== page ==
To do this, I learned to approach the interview process from the vantage of the person doing the hiring, focusing on those things that create stress and discomfort in the actual meeting. The strategy works. And while every situation is a little different, I find adhering to the following guidelines makes for a more relaxed interviewer and more frequent advancement in the process.
AMATEUR INTERVIEWERS. Your interview is too important to entrust to the interviewer. Most interviewers are amateurs. They receive no training and are afforded no opportunity to hone their skills prior to using them in live situations. Thus, they often don't have much confidence in their ability to discover the right information about a candidate. Some handle this by asking a slew of unrelated questions that don't reveal much of value, while others sit there tight-lipped because they haven't any clue what to ask. Either can stop you from putting your best foot forward.
To prevent this, offer to spend a few minutes taking your interviewer through your résumé. You can describe your background (including the circumstances that led to your job search) and current goal in a relaxed, confident, and self-promoting manner. Don't prattle on -- between 5 minutes and 7 minutes is plenty. But don't be surprised if your monologue stimulates many questions and comments. If this goes well, your interviewer will painlessly get all the information that he or she needs prior to describing the opportunity at hand -- a subject on which the interviewer likely feels much more confidence.
A word of caution here, though: This technique works only when it's delivered well. That means you must practice extensively at home. Start by working closely from your résumé and keep at it until you can weave your tale without any external prompting. If you devote an hour or two to practicing each day, you'll likely have perfected your self-interview within three or four days. And believe me, it's time well spent.
TAILOR YOUR MESSAGE. What you say depends on to whom you're saying. The core of your interview pitch will always be consistent, but you'll need to tailor additional messages to suit particular audiences. When interviewing with your would-be boss, for example, you'll want to emphasize your capacity for personal loyalty and your real desire to do the job at hand. These will suggest that you would neither be a political threat nor become too quickly restive if hired. Your would-be boss will be looking for such signals and will take notice.
You should also be prepared to speak to professional recruiters (internal or external) in language that will set them at ease. Professional recruiters are the talent scouts of the business world, but their brethren in corporate human-resource departments often look at them almost as lackies. To avoid problems, you should shun exaggeration and inconsistency, and remember to show them the utmost respect. If you can be a cooperative candidate, recruiters are likely to determine that you will reflect well on them and advance you to the next round.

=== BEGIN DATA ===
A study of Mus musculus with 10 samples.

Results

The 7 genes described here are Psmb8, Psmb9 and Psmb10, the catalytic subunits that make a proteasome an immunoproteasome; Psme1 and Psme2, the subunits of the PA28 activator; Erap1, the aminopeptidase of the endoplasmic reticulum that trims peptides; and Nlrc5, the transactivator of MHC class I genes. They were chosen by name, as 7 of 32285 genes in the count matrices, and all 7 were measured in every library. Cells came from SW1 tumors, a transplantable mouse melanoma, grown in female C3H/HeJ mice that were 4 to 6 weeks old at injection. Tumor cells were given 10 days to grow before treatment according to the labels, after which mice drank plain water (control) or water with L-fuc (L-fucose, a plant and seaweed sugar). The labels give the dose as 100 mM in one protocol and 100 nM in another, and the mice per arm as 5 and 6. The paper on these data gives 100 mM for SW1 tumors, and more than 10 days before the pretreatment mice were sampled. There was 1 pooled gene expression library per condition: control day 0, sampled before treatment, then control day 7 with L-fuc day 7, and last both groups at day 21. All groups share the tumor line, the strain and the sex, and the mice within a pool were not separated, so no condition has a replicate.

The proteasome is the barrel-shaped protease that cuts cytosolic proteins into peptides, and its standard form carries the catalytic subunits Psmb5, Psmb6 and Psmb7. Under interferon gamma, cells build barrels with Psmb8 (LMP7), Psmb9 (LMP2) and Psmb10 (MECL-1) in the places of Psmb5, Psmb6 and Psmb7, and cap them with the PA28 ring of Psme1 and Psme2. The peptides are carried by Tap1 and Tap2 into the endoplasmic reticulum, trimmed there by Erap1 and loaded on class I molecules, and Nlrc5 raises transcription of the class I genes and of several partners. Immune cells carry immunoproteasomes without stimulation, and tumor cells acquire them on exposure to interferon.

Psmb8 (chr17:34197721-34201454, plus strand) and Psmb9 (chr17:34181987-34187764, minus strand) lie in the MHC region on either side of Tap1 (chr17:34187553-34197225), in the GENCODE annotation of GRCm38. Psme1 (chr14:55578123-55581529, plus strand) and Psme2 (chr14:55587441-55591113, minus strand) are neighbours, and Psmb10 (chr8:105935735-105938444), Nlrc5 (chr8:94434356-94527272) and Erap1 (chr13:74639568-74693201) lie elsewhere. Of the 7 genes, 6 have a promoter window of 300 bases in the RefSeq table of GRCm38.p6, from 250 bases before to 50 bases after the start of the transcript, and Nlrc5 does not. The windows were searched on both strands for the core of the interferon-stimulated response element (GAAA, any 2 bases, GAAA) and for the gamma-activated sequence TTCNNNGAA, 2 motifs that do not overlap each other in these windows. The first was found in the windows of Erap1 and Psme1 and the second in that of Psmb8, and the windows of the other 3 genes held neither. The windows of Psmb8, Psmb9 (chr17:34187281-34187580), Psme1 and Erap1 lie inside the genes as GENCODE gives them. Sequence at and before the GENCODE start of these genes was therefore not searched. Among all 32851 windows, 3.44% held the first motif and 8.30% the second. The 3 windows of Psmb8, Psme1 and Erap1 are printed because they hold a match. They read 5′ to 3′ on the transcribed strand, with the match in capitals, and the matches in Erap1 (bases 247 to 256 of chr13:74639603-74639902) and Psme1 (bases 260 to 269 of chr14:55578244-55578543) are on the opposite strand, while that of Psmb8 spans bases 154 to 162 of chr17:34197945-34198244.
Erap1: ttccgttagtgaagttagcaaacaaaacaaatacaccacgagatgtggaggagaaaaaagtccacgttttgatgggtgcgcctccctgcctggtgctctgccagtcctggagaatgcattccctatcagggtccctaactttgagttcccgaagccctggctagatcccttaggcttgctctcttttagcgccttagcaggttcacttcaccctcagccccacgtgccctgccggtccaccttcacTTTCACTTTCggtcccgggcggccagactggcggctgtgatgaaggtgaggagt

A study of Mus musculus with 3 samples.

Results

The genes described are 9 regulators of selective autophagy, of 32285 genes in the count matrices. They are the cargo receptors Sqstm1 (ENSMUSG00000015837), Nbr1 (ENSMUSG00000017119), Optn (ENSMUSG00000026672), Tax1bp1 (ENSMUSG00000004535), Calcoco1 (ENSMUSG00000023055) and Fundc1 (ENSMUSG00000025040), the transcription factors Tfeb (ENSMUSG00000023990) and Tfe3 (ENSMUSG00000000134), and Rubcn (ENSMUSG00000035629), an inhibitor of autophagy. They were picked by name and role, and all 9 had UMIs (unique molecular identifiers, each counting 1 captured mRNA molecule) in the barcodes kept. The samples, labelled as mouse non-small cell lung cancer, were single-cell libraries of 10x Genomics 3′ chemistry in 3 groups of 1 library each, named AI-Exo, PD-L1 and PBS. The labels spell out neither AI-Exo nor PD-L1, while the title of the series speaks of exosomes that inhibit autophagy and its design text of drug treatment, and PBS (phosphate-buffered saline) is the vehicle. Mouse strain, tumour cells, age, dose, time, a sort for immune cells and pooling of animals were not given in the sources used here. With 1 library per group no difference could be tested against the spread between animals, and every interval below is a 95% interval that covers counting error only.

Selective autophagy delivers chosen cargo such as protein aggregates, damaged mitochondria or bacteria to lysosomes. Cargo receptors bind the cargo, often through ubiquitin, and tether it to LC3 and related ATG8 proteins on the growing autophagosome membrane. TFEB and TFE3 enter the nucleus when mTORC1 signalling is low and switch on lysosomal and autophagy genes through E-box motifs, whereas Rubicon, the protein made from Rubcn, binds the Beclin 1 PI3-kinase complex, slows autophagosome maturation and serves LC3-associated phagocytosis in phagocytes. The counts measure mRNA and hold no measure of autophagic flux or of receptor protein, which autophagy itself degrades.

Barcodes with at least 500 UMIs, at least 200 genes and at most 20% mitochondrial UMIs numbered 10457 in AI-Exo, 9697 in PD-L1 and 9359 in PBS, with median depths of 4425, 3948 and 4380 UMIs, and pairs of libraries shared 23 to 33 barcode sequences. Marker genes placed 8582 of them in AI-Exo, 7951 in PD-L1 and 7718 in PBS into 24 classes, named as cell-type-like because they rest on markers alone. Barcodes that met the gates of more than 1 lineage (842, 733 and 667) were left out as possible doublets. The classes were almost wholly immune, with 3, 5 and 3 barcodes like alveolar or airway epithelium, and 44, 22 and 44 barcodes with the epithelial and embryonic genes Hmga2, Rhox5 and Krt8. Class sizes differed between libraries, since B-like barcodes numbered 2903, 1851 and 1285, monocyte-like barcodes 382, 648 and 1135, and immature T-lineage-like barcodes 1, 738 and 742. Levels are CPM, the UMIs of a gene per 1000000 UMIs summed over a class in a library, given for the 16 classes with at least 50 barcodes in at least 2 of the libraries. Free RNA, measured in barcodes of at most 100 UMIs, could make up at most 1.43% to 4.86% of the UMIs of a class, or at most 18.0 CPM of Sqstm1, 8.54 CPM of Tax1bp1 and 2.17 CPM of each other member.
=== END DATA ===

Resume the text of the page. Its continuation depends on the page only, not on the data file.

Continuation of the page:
Difficult as recruiter interviews can be, the most troublesome are often those conducted with would-be peers. These people often feel threatened by a candidate. Thus, your task is to convince peers that you can lighten their load of odious tasks without usurping their relationship with the boss. As to how best to do this, I advise listening: Most people will quickly communicate what they believe to be their turf. So long as you don't seem interested in it, you're likely to get your potential peer's nod of approval.
RELIEVE STRESS. You can't be the ideal candidate if you don't know what the job is. In most cases, what you read in the job posting or the position description has virtually nothing to do with the actual job. And before you blame the recruiters, remember that they can only reflect the position that was described to them by the hiring manager, who is often unable or unwilling to disclose more.
So what do you listen for? In almost all cases, your prospective manager will tell you that you've gotten some misinformation before going on to describe the job as he or she sees it. If this doesn't occur, find an opportunity to describe the position as it has been presented and then ask for clarification.
Hiring is almost as stressful as job-searching. Beyond being stressful for candidates, recruiting is hell on the person doing the hiring. It's expensive and time-intensive, which means it receives careful scrutiny by others higher up in the organization.
In addition, managers are judged, in part, by their ability to recruit good people and build strong teams. Getting it right can lead to the fast track and promotions, while the opposite can effectively end a career. To the unemployed, these may seem like abstract concerns, but to the person doing the hiring, they're very real pressures. Keep that in mind as your proceed.
Thinking like your interviewer won't guarantee success, but it will help you to make better decisions about how to act in an interview. And that can make the difference between being the runner-up and receiving an offer. Laskoff is the author of Landing On The Right Side Of Your Ass -- A Survival Guide For The Recently Unemployed. A graduate of Harvard Business School, he has worked in the investment banking, consulting, and entertainment industries, as well as a number of e-commerce start-ups. Currently, he operates a website at www.askyourass.com.